A verse from Psalm 119:

166: LORD, I have hoped for thy salvation, and done thy commandments.

Is there a difference between ‘done’ thy commandments and ‘followed’ thy commandments?

Yes, the answer is Liberty.

I will explain the reasons for my answer later, but first let us start with the assumption that this Psalm was composed by King David. There are too many I’s in the Psalm, like those Epistles of Paul, leading to an inveterate belief that only a person with a crown could have composed the 119 Psalm.

What alerts one upon reading verse no. 166 is that, if David were the composer of the Psalm, how could he have said the contents of the verse, when we all know that David did commit adultery and probably responsible for the murder – though he surely was responsible for the death – of Uriah, the husband of Bathsheba. To make matters worse, Uriah was not just an underling in the army, he was a commander. Those circumstances being the past, would it have been right for a person who was truly devoted to Jehovah to utter the following verse? I am proceeding on the second assumption that Psalm 119 was composed after David’s illicit relationship with Bathsheba. Probably, had the Psalm been written prior to those events, David could have said that with some conviction, based on the facts made available as history through the Books of Kings and Chronicles of the Old Testament.

Let us read the verse again:

166: LORD, I have hoped for thy salvation, and done thy commandments.

To ‘keep’ or ‘follow’ the commandments is the norm in the usage relating to the laws, rules, regulations etc., but when the verb is ‘do’ or ‘done’ it sounds a little specious.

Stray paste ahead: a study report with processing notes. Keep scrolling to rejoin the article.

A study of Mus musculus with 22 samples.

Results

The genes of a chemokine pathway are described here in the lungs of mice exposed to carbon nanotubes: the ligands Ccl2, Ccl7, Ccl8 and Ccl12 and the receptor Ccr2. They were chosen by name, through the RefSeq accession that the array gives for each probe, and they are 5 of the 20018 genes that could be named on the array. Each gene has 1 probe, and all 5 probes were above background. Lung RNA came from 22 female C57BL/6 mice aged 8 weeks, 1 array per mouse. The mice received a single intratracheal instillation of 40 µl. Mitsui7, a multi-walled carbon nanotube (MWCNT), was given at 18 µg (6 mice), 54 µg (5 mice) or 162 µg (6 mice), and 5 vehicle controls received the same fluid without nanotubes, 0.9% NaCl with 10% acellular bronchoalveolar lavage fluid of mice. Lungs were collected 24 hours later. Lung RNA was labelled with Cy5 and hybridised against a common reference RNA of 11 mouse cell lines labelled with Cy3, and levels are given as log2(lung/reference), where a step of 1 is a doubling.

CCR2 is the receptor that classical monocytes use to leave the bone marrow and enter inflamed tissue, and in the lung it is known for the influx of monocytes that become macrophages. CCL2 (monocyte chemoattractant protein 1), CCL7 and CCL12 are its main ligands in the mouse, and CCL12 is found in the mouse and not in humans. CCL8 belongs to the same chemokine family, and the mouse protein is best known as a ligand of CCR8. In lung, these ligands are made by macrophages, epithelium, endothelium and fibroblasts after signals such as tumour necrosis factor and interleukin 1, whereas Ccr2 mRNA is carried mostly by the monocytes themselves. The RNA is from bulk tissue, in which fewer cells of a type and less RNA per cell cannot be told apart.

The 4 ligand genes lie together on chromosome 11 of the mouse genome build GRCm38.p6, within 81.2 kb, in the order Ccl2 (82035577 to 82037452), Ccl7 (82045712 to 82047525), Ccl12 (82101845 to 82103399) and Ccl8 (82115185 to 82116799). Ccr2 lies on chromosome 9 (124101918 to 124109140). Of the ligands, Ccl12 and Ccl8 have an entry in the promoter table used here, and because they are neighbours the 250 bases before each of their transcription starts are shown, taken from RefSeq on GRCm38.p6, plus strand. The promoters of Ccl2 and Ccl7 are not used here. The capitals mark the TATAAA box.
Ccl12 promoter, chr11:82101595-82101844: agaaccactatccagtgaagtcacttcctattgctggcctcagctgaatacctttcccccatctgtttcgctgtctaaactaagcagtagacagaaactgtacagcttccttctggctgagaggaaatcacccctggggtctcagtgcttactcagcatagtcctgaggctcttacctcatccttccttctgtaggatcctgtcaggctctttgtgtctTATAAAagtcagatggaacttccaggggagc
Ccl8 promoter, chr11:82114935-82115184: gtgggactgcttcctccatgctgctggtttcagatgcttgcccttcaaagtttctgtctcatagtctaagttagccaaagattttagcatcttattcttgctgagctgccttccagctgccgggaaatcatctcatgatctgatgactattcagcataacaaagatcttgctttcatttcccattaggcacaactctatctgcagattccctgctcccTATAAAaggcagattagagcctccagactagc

If I assume that the Psalm had indeed been composed by King David and that he had composed it after the event with Bathsheba, and still eager to believe that David was uttering the truth to his maker, I need to analyse the Mosaic Ten Commandments.

Out of the Ten Commandments , there are only three commandments which are positive commands- which means that the subscriber to that religion has to DO those commands. The three positive commands are:

1. I am the Lord thy God

2. Remember the sabbath day, to keep it holy.

3. Honour thy father and thy mother.

The rest of the commandments are all Negative Commands, the effect of which is that, the follower is commanded NOT TO DO those things which are commanded.

Therefore, there are only 3 commandments which are TO BE DONE, so contextually interpreted, David could probably assert before God that he believed that Jehovah is the God; that he kept the Sabbath; and that he had honoured his father and mother.

In essence, David by composing verse no. 166 with an unusual verb, had technically overcome the general sense, by use of the verb DO THE COMMANDMENTS.

David, you’ve kept yourself in the right side by sidestepping the usual verb and have exercised your Liberty beyond the sanctioned bounds, yet have not lied to God, as you know you cannot.

The takeaway for us is that we can read the paeans of others and still can’t understand what they meant.